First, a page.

Wynn Resorts Hit With $20M Fine for Steve Wynn’s Sexual Misconduct
Wynn Resorts has been slapped with a record $20 million fine for its lack of workplace oversight and compliance connected to former Wynn Resorts CEO and board chairman Steve Wynn, who resigned his roles atop the Vegas casino giant a year ago after detailed accounts of decades of Wynn’s sexual misconduct came into public view.
The fine assessed against Wynn Resorts on Tuesday by the Nevada Gaming Commission (NGC) is punishment for the casino corporation’s ongoing role in downplaying, dismissing and otherwise covering up the allegations of sexual misconduct by Wynn during his years at the company’s helm.
Wynn departed his role at the company bearing his name in February 2018, amid the ongoing disgrace of the revelations made public. Among the more serious allegations was his alleged rape of a Wynn Resorts spa employee that resulted in her becoming pregnant. Wynn paid $7.5 million in 2005 to resolve that matter.
The fine levied by the NGC against Wynn Resorts applies only to the company’s role in covering up the activities of its CEO, and does not address Steve Wynn’s personal liabilities, should such exist. The 78-year-old Wynn was also forced to divest his significant ownership in Wynn Resorts shares as a condition of his forced ouster.
The $20 million fine is by far the largest ever assessed by the NGC, vastly outpacing a $5.5 million penalty assessed in 2014 against CG Technology (formerly Cantor Gaming), over unlawful activities conducted at many CG-operated sportsbooks in Nevada.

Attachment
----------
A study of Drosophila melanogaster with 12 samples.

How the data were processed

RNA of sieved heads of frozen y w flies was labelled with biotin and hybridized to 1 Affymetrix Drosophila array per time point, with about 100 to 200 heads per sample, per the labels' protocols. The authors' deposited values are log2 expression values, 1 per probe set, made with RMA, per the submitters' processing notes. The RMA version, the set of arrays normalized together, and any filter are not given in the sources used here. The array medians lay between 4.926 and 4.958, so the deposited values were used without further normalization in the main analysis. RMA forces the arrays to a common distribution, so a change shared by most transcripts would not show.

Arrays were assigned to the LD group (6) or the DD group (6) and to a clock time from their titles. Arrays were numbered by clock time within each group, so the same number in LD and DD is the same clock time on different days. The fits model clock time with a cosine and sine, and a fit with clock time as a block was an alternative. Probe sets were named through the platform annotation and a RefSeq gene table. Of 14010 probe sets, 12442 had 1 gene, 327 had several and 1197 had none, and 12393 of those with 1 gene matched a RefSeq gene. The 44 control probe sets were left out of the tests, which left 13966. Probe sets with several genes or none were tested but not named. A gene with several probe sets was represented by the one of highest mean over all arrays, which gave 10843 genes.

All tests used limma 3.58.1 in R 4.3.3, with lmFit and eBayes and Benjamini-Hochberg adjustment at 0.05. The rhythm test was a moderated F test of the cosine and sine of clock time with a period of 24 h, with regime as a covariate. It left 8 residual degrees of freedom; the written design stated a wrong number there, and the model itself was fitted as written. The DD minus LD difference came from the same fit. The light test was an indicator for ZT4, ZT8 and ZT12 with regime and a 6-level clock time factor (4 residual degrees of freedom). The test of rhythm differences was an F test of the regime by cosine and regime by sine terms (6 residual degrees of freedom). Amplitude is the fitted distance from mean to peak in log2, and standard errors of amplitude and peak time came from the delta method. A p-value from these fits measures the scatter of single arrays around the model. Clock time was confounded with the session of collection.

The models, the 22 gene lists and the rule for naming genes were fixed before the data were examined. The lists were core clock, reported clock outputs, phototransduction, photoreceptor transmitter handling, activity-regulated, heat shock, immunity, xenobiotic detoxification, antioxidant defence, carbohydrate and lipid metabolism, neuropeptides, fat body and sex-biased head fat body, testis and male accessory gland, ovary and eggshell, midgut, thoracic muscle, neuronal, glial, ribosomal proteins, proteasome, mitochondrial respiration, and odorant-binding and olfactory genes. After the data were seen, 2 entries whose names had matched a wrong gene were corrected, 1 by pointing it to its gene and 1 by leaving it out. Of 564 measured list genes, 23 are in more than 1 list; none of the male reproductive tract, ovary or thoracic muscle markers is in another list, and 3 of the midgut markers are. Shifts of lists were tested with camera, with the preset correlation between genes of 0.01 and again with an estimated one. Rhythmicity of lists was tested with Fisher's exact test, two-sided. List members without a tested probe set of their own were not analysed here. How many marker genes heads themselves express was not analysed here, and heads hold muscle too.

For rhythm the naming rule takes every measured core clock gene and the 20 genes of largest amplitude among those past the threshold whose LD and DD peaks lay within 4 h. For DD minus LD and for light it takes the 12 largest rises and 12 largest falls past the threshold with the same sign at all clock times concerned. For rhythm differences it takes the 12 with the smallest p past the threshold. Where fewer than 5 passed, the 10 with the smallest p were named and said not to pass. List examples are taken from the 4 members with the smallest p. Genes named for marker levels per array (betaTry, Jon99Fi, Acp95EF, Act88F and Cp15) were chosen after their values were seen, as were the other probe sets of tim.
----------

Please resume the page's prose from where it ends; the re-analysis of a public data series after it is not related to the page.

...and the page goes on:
That the $20 million fine traces back to the activities of just one powerful man is somewhat incredible. “It’s not about one man,” NGC Commissioner Philip Pro said, in a statement. “It’s about a failure of a corporate culture to effectively govern itself as it should.”
NGC Chairman Tony Alamo said, “It needs to move needles here. It needs to ring across the entire country.” Alamo added that it “makes it clear to all licensees that this culture cannot be tolerated.” Other board commissioners acknowledged that an even higher fine was considered, without offering a specific number.
The settlement agreed to by the NGC and Wynn Resorts includes a statement of how the company plans to address sexual-misconduct claims or similar matters in the future, when and if they arise. Here’s what Wynn Resorts offered by way of corporate mea culpa:
Since its creation almost two decades ago, Respondents [Wynn Resorts an Wynn Las Vegas] have prided themselves on their culture of compliance and commitment to their employees. Over the last year, Respondents have realized, through the Board’s investigation as well as its own, that respondents fell short of their culture and commitment in perhaps one of the most important areas for an employer — focusing on its employees. Respondents have focused on a single man, rather than the Company’s greatest asset, its 25,000 employees:
Respondents have undergone an extensive self-examination over the past twelve months, intended to reinvigorate and implement meaningful change across all levels of the organization, to cultivate a safe, healthy, and supportive workplace culture, and to build on their core values of respecting their employees, corporate responsibility and citizenship, and service to the community. And Respondents represent that they have been successful in that regard.
In sum, these 25,000 employees, led by CEO Matt Maddox and a reshaped Board of Directors, are the Company that stands before the Commission today, and not Steve Wynn… .
Under the terms of the settlement, Wynn Resorts waived its right to a public hearing on the allegations, and the NGC has agreed not to consider suspension or forfeiture of Wynn’s Nevada gaming licenses as a possible remedy for the ongoing workplace issues. One small stumbling point in the negotiations between the two sides appears to have been the knowledge (if any) that Wynn Las Vegas President Maurice Wooden had about the complaints over Wynn’s sexual misconduct. The settlement excludes any activity or claims related to Wooden, who resigned his post at Wynn LV in December.